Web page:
Investment vehicles are a great way to grow your money, but which is the best fit for you and your needs? While some people choose to invest in stocks or bonds, others can’t help but invest in real estate, which offers them a monthly rental income in addition to the types of profits that can occur when the housing market increases in value. Of course, with the housing market soaring after a 2008 crash, many more people are looking to get in on property investing these days. From buying a vacation home that you can also rent out during the off-season to flipping houses to make them even more attractive to buyers, you have a lot of ways to make money with investment properties. Still, some factors make one investment property more attractive than another. One such detail to consider when looking for an investment property is the interest rate of the property itself. Here is what you need to know about investment property interest rates. 

For starters, one of the most common loans you’ll encounter when looking to borrow money for investment real estate is a conventional mortgage. Conventional mortgages will often offer you the lowest interest rates on the market. There has never been a better time to get into a conventional mortgage, thanks to the fact that many lenders are offering interest rates at around 3 or 4 percent for both 15-year and 30-year fixed loans. The internet makes it easy to compare investment property loan rates so that you get a great deal on your investment property. Being able to compare lenders and borrowing terms can ultimately result in your saving a few percentage points overall, allowing you to maximize your investment income from buying your property. But one drawback for investors is that a conventional loan generally requires about 20 percent down to avoid the cost of private mortgage insurance or PMI. While PMI may not be the end of the world if you’re planning on flipping a home quickly, if you’re looking for renters to provide you with reliable, repeatable income each and every month, it may be better to avoid spending money on PMI. 

If you’re looking to flip the house you’re investing in, you’ll likely have a wider range of loan options available to you. While it will be nice to have flexibility in where you’re getting income to finance your flip, you will likely end up paying more in interest. For example, if you’re looking to get multiple investment properties at the same time, you may be able to get something called a blanket mortgage which lumps several mortgages together. While this helps when it comes to paying one lender, interest rates generally range from 3 to 12 percent. Likewise, finding a private lender to give you the cash to finance a home purchase and flip can give you a lot of flexibility when it comes to the loan’s terms. however, these kinds of hard money loans often have the highest interest rates, ranging from 8 to 20 percent. Of course, this kind of monthly interest accrual is not going to be too much of a problem if you plan on flipping the home quickly. However, for longer projects or situations when unforeseen circumstances caused a flip to drag on, this can be particularly damaging to your bottom line.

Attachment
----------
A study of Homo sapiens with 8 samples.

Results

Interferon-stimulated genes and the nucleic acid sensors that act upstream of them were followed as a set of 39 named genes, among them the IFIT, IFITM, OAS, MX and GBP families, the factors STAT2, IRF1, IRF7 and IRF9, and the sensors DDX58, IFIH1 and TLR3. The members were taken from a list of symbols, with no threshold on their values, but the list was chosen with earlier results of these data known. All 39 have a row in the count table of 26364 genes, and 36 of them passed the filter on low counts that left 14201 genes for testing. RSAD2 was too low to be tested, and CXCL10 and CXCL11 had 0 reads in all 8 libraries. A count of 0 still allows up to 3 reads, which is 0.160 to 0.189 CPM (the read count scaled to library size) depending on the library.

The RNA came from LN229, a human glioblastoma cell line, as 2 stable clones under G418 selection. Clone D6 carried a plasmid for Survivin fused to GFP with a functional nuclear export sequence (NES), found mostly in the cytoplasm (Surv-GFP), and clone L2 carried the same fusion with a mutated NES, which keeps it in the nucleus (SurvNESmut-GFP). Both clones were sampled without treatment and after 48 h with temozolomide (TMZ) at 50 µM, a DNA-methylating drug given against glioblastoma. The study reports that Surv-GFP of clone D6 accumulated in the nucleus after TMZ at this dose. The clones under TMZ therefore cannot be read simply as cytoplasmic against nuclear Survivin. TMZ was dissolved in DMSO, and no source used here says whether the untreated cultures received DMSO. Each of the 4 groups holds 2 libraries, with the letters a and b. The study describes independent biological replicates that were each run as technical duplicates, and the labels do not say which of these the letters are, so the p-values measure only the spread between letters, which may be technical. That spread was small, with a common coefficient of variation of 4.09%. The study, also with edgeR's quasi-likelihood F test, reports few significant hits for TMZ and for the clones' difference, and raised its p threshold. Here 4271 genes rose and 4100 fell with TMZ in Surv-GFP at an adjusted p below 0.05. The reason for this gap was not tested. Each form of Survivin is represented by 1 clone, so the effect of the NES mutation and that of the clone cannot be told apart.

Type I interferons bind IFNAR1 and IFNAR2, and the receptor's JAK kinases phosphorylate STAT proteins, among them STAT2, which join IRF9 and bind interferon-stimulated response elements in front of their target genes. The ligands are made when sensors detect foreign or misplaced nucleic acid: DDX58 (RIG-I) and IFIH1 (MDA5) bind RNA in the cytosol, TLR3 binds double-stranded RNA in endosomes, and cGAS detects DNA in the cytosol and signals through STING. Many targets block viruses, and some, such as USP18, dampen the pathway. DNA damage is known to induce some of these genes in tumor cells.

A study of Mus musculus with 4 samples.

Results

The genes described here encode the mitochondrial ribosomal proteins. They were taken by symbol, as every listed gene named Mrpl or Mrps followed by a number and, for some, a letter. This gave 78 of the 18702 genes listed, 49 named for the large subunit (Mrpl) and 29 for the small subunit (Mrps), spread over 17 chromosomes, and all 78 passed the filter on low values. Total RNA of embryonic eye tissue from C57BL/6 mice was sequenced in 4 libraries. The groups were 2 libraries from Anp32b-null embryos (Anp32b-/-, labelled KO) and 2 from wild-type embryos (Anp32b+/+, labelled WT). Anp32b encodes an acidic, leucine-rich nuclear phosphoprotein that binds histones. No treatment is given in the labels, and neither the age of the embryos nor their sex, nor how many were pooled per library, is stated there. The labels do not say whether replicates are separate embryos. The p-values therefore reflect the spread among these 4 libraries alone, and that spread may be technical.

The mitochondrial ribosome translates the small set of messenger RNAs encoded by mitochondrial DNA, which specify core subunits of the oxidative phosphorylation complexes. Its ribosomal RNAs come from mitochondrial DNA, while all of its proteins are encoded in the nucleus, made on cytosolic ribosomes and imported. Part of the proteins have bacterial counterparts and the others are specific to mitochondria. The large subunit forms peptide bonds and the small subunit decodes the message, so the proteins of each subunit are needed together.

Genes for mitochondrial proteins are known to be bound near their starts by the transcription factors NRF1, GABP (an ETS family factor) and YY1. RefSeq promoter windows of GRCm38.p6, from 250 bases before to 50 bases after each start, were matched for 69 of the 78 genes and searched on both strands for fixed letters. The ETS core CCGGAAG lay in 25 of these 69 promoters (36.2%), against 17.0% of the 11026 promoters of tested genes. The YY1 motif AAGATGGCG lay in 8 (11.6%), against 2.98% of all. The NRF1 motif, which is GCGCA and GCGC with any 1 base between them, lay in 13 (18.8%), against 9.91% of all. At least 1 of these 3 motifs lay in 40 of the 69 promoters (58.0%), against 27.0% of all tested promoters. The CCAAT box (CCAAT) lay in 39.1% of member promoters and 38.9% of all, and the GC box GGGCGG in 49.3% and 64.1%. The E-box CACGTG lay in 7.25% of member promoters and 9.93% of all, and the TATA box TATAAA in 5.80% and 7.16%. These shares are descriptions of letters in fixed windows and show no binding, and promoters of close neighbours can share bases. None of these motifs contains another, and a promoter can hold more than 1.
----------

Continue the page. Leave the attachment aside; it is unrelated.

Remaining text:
The location you choose when investing in real estate can also play a role in how you make a profit. For example, mountain homes and beach houses often have high appeal when the economy is doing well. However, when the economy is performing less well, having a more stable home near a city with job opportunities can be a much better investment. Regardless of wherever your investment property is, minimizing your interest rate is one of many ways to ensure that you have a good margin for profit. 

Keep the above facts in mind and compare several lenders before choosing the property and mortgage provider that you want.